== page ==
Dognapped! Keeping Your Dog Safe from Pet Theft
We have to take steps every day to protect our cars and valuables from being stolen. We lock doors, put up security cameras, and install alarms to stop thieves from taking what’s ours.
Sadly, many pet owners don’t realize that their beloved dogs are also at risk of pet theft until it’s too late.
No pet owner wants to think about dognapping, but the best way to keep your dog safe is to be aware and prepared.
According to statistics, pet theft is on the rise, and about two million dogs are stolen every year, and only about 10% are ever reunited with their owners.
It only takes a thief a few seconds to snatch your dog. Thieves don’t care that your dog is a member of the family… they just see a quick and easy way to make a few bucks.
Why are dogs taken?
Pet theft has become a significant issue not only in the US but also throughout Germany and the United Kingdom.
In most cases, the dogs are stolen for monetary gain or to be used in illegal dog fighting rings.
Dog flipping has become a multi-million dollar business. Often, when a dog is dognapped, the thief turns a profit by selling the dog online, or in some cases, by returning it to the original owner to get a reward.
If a dog is taken to be used in an illegal dogfighting ring, it will most likely be used as a bait dog.
Just attending a dog fight can get you charged with a felony in the US, but it still happens more than you might think. If you suspect there’s animal fighting going on in your area, report it right away.
Keeping Your Dog Safe from Pet Theft
As dog owners, we do everything we can to keep our furry family members healthy by providing lots of love and the best care possible.
Thankfully, there are several steps you can take to keep your dog safe from pet theft, too. It just requires some dedication, planning, and awareness.
- Keep a collar and tags on your dog at all times. Although a thief can easily take off your dog’s collar and tags, not everyone is a thief. If your dog simply gets out of the yard or slips out the door, current ID tags could help a well-meaning neighbor find his home quickly. And, having a microchip tag and a Whistle Pet GPS on his collar may be all you need to discourage a potential thief.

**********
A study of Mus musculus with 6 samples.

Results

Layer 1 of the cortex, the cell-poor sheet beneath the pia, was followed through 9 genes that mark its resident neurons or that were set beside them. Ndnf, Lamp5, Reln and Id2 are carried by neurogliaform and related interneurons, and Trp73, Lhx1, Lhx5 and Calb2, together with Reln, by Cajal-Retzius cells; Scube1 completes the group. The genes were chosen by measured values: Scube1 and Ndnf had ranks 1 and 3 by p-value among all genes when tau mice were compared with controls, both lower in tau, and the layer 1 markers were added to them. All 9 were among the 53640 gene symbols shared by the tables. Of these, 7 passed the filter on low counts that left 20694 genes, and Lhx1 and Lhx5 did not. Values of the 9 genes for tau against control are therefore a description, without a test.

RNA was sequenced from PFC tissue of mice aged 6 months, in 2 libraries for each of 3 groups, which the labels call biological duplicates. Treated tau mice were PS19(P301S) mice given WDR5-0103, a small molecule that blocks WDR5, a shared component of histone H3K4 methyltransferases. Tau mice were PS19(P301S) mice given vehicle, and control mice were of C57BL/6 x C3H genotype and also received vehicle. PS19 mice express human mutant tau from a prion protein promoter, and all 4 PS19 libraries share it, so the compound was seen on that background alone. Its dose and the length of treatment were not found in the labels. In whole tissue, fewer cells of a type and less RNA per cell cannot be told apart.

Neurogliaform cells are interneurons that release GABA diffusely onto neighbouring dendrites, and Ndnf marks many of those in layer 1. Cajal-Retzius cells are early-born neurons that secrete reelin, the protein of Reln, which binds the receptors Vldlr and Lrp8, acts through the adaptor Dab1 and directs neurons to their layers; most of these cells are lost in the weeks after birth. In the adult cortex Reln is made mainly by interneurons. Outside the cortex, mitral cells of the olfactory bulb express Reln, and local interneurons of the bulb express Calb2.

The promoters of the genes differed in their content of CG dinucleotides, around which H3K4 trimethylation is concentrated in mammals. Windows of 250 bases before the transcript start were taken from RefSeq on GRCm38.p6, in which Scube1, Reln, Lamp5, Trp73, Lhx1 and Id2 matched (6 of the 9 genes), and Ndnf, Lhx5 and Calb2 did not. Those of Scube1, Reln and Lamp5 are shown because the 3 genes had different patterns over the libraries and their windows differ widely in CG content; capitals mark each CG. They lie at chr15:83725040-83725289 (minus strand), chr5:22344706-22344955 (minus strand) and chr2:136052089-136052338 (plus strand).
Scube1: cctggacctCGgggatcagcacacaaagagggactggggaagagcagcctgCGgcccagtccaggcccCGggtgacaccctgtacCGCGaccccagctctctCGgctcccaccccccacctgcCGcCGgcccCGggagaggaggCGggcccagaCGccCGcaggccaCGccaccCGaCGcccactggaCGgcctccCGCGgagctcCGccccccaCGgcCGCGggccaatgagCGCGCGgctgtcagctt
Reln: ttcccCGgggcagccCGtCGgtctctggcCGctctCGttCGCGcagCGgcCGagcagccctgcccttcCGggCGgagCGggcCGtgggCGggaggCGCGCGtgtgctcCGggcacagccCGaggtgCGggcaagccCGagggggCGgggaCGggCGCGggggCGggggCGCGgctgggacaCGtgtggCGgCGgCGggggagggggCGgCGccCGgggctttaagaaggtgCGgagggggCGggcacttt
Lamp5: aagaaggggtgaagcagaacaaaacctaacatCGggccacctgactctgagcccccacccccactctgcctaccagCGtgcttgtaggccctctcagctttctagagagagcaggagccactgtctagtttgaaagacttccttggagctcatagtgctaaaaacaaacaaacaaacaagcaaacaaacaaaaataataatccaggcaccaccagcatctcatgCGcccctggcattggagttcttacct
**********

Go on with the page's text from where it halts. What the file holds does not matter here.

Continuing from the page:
- Never let your dog go outside by himself. Letting your dog wander on his own is just asking for trouble. Many dogs disappear when their owners let them out to do their business. Unattended dogs are easy targets for pet thieves, and there are stories on the news all the time about pets who simply disappear without a trace from their own yards.
- Invest in a good fence. There are two very good reasons to fence in your yard. First, it keeps your dog from wandering the neighborhood when you let him out to do his business. And second, it presents a challenge for potential thieves who could be scouting your neighborhood looking for easy targets. If you can, invest in a tall privacy fence. Out of sight means out of mind. If they can’t see your dog hanging out in the yard, they may not be tempted to steal it. Invest in a good padlock for the gate, too. It may not prevent everyone from entering, but it will certainly slow them down.
- Secure your doggy door. Doggy doors create a point of entry for all types of thieves, not just dognappers. If your home has a doggy door, secure it any time you’ll be away from home. Take your dog out right before you leave, put him in the house, and lock every exterior door before you head out.
- Don’t leave pets in the yard when you’re not home. This should go without saying, but many pet owners think their dogs are safe if they’re in a fenced-in yard or on the porch when they’re not home. Unfortunately, leaving your dog outside when you’re away gives a thief plenty of time to enter the yard, snatch your dog, and be gone before you get back. The safest place for any pet is inside your secured house when you aren’t there.
- Never leave your pet alone when you’re out in public. This is another no-brainer for most pet owners. But, if you’ve ever walked up to a convenience store and seen a dog tied up out front waiting for its owner, you know it still happens. Talk about making it easy for potential thieves! If you are heading out to the store and your dog can’t go in with you, leave him at home where he’s safe. Never leave your dog unattended in the car, either.
- Microchip your dog and have current photos on hand. In the horrible event that your dog is stolen despite your best efforts, you will need to be able to prove that he is yours. Having current photos is essential for local social media lost pet groups and lost pet posters. If his collar and tags are lost or removed, having him microchipped may be the only way to identify him. Not only that but if he gets sold to someone else, a microchip could be your only chance of ever being reunited. Don’t forget to keep all of your contact information up to date with the microchip company.
If your dog does get lost or stolen, you should share his current picture with every veterinarian and animal shelter in your area right away. Post his photo on lost pet websites and social media and hang posters in your neighborhood.
Spreading the word to as many people as possible will improve your chances of getting your dog back home safe and sound.